Posted by: Jim | December 11, 2006

Quote of the Day

I just read this over at exchristian.net.

“As psychologist Robert Wright put it:
The brain is like a good lawyer: given any set of interests to defend, it sets about convincing the world of their moral and logical worth, regardless of whether they in fact have any of either. Like a lawyer, the human brain wants victory, not truth; and, like a lawyer, it is sometimes more admirable for skill than for virtue.”

I haven’t read anything more true in a long time.


  1. And, like a lawyer, it ends up costing you a bloody fortune in the end.

    * * *

  2. I think this is generally true, however, there are exceptions.

    I cite the great game of baseball as an example.

    Andy Pettite just leapt back to the richest team in Major League Baseball, the New York Yankees. He departed Gotham several years back because he felt he was underappreciated. Houston invited him to come back to his HOME TOWN and play. Now that he’s at the end of his career (in Houston), he’s looking for victory – to make as much money as he can before retiring, even if he has to sacrifice his integrity to do so. All he did was say he was underappreciated in Houston.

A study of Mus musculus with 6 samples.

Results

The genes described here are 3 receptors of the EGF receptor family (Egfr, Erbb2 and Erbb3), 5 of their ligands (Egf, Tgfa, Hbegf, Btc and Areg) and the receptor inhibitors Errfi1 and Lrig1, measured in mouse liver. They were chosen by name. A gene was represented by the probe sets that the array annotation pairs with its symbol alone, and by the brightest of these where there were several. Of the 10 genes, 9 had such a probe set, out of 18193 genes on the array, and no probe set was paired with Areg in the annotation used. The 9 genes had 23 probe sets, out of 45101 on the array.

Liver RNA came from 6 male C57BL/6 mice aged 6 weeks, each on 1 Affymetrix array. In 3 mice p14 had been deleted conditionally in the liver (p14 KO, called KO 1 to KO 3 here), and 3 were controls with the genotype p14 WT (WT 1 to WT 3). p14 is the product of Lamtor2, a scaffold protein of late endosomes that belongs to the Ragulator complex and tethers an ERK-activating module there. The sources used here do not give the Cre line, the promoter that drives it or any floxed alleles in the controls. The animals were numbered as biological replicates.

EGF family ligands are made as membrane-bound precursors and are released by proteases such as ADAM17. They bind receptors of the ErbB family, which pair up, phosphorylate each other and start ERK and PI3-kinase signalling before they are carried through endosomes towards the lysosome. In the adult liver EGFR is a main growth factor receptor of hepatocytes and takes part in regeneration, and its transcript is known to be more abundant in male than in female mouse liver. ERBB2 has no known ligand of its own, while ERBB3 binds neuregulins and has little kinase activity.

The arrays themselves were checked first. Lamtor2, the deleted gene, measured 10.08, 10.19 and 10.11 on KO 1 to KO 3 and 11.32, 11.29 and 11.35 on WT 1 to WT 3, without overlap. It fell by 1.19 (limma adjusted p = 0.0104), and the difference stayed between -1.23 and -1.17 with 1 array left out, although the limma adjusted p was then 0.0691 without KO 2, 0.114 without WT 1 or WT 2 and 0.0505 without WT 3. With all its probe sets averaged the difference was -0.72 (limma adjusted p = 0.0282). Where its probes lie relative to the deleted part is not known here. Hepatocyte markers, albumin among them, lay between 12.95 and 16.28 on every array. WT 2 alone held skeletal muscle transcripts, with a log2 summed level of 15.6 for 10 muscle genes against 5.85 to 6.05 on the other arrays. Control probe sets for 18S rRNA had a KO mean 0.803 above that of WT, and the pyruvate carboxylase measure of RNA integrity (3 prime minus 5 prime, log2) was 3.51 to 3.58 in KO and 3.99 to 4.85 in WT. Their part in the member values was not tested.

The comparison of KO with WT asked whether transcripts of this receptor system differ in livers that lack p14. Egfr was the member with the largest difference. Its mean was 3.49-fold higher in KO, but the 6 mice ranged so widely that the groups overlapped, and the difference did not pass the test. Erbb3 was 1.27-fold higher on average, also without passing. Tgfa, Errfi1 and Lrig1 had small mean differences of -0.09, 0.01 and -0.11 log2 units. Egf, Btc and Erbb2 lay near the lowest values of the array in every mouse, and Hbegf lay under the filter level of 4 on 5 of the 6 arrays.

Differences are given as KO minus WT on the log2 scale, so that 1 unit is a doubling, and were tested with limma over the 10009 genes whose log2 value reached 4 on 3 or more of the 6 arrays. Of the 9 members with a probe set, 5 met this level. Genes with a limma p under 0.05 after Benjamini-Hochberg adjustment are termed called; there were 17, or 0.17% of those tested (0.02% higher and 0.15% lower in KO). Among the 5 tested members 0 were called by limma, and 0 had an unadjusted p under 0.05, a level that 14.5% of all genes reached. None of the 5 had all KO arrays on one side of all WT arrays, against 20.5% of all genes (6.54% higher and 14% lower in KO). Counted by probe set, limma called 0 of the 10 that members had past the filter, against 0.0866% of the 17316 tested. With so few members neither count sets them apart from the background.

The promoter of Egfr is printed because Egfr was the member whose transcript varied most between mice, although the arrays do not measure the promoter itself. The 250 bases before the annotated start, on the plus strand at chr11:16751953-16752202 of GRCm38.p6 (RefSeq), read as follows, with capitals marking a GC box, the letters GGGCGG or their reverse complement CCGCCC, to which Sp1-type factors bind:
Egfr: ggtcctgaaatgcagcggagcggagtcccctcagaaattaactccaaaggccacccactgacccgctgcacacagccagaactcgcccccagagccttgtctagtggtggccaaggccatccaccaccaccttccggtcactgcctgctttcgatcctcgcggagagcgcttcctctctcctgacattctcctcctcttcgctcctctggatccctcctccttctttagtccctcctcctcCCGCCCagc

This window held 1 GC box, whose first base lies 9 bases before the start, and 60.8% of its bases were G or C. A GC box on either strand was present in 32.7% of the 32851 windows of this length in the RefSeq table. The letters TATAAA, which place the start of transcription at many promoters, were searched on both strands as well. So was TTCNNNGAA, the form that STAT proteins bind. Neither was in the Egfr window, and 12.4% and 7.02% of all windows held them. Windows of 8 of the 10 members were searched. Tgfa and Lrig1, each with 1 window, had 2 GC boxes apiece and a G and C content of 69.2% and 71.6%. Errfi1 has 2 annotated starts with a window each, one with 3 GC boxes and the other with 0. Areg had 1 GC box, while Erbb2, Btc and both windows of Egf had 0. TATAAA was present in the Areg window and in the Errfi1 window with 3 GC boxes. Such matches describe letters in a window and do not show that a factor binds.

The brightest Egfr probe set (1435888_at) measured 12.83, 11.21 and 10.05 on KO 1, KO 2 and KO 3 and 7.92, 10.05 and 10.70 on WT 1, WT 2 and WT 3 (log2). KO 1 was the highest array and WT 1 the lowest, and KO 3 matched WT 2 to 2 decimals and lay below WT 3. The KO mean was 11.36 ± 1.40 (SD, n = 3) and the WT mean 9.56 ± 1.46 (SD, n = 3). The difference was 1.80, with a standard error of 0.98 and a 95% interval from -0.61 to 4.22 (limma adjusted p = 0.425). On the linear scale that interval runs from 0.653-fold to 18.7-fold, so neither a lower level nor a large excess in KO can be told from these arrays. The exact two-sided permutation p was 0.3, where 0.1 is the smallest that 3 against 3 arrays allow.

No lie.

    I have always contested that the victory in baseball today is on a personal level, and that victory is the almighty dollar. Victory in baseball when I was growing up meant how often you got to play, and how often you won.

    I quote Sparky Anderson, famed manager for the Cincinnati Reds and Detroit Tigers: “I can’t believe they pay us to play baseball – something we did for free as kids.

    You could never get me to sell out for money to play a game. That’s the truth, and my personal victory. A little righteous? You bet.